01 March 2005

Pradeau v. Bobonich

I suppose I'm naturally contentious. I can't help wondering how Chris Bobonich's view in Plato's Utopia Recast fares against Pradeau's in his recent BACAP lecture.

It's not easy to say. Bobonich's discussion takes the form of about 20 arguments and sub-arguments directed against Andre Laks' already fairly subtle position. (Laks is not cited by Pradeau.)

This post can merely begin to set up the problem.

Some background for non-experts. Plato wrote two dialogues on constitutional theory and legislation, the Republic and Laws. This naturally raises the question of whether there is continuity or change across those dialogues. Bobonich says that there is change: he says (if I understand him correctly) that Plato moves closer in the Laws to affirming an almost liberal conception of political society as consisting of citizens as free and equal persons; and that the law of this society, directed at citizens so conceived, is designed to advance the virtue and happiness of all its citizens. Pradeau holds, as regards Plato's conception of law, at least, that there is no such change.

One crucial bit of evidence for deciding between these views is a device that is not present in the Republic but is introduced with fanfare as an innovation in the Laws, namely, the 'preludes' that are to be affixed to laws. What is the purpose of these 'preludes'? Bobonich says that they are intended to teach citizens the reasons behind the law--which would indicate a new conception of law as based in reason and directed at citizens as rational agents. Pradeau says that they are intended to persuade by rhetorical considerations, using praise and blame, threats and stories, much as a parent might talk to a child--which would indicate a paternalistic conception of authority and law fully continuous with what Plato says about law elsewhere.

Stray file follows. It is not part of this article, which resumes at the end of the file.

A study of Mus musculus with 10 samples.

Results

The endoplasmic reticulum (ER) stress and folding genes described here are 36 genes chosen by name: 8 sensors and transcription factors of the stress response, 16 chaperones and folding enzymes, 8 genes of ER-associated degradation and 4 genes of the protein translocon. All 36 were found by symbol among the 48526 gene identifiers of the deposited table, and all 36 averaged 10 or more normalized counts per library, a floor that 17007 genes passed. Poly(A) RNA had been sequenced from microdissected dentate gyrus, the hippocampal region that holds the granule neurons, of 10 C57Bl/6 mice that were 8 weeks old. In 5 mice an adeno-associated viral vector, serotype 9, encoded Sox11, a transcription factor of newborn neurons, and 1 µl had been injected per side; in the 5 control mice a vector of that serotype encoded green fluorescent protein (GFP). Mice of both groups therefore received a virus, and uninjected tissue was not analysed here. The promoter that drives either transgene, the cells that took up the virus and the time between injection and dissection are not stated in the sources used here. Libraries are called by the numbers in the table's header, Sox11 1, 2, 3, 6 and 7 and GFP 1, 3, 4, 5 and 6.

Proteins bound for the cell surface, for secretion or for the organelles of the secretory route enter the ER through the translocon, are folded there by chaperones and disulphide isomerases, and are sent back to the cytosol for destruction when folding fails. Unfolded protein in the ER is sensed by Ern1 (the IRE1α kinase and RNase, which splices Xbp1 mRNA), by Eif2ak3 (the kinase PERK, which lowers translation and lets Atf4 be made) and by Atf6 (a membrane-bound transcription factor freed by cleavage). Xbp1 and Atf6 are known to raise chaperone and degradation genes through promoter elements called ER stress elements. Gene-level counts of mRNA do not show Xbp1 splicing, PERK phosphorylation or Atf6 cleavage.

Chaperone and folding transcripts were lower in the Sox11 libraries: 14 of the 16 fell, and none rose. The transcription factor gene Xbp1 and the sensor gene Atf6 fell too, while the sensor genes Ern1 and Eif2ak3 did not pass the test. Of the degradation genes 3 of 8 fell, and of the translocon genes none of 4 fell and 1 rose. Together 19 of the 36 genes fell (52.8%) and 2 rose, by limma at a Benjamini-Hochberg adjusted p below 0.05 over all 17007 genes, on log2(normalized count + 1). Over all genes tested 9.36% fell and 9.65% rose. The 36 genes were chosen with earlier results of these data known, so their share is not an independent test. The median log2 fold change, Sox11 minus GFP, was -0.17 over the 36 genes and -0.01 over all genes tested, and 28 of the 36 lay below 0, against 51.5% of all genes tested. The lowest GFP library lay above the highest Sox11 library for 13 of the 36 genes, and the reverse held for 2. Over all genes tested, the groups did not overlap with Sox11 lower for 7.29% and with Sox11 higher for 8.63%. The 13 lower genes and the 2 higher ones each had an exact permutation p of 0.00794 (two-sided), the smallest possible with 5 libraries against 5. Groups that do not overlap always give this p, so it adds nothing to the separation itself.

The interpretation of these 'preludes' hinges in turn on a relatively few passages in which Plato explains them--especially a couple of passages in which Plato likens legislation to medicine. He says that merely to command or forbid action in law is like a slave doctor simply telling a slave patient what to do, without explanation. But a free doctor, treating a free patient, would first say something to persuade his patient to adopt the prescribed course of treatment. Thus the law too should persuade as well as compel.

Persuade and compel. But what does this 'persuasion' amount to? That seems to be the issue. More later.